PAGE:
WASHINGTON -- Lawmakers late Monday reached an agreement in principle on border security that would allow them to fund the government beyond Friday, according to congressional officials from both parties.
Major parts of the government would shut down as of this weekend without a deal. The agreement to avert the shutdown will still have to be approved by both chambers of Congress and signed by President Donald Trump.
The deal, which congressional aides warned was only tentative, would provide $1.375 billion for border barriers, according to a senior congressional aide who confirmed details but was not authorized to be quoted by name.
The plan would fund not only the Department of Homeland Security -- the center of the political dispute over border funding -- but also several other agencies that were forced to shut down in December and January.
The money the deal would provide for fencing would be far less than the $5.7 billion Trump had demanded. In return, Democrats dropped their demand for a reduction in the number of people that immigration enforcement officials could hold in detention.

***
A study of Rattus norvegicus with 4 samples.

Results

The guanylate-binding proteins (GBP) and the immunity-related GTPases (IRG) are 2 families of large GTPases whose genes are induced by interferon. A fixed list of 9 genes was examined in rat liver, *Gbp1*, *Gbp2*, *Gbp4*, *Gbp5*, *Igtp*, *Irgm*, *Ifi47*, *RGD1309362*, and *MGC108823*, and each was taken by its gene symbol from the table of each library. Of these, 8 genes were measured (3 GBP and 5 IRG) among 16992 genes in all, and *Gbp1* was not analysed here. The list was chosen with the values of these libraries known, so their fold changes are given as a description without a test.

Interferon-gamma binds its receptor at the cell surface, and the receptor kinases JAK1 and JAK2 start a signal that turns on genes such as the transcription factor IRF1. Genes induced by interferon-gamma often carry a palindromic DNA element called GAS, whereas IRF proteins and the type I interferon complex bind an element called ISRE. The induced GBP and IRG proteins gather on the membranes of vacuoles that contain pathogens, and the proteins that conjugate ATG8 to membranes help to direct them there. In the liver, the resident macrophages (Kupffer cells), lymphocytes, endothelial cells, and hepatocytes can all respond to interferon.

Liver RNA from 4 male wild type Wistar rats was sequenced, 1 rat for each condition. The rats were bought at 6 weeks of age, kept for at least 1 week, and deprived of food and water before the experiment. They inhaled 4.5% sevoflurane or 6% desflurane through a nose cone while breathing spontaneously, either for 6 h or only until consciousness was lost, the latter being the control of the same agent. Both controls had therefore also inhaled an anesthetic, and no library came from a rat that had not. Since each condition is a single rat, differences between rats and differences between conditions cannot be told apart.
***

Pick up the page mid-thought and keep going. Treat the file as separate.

At a rally in El Paso, Texas, on Monday night, Trump said he had not yet seen the details of the proposed deal because it was reached as he was preparing to go onstage.
"I said, wait a minute, I've got to take care of my people from Texas. I got to go. I don't even want to hear about it," he said. "I don't know what they mean 'progress is being made.'"
Later, however, he said the reports could represent "good news."
"Just so you know, we're building the wall anyway," he added.
Whether the bill can be approved by the full Congress remains unclear. Some liberal Democrats are unlikely to welcome new funding for a border fence. Conservative Republicans may balk at funding only a portion of Trump's original $5.7 billion demand.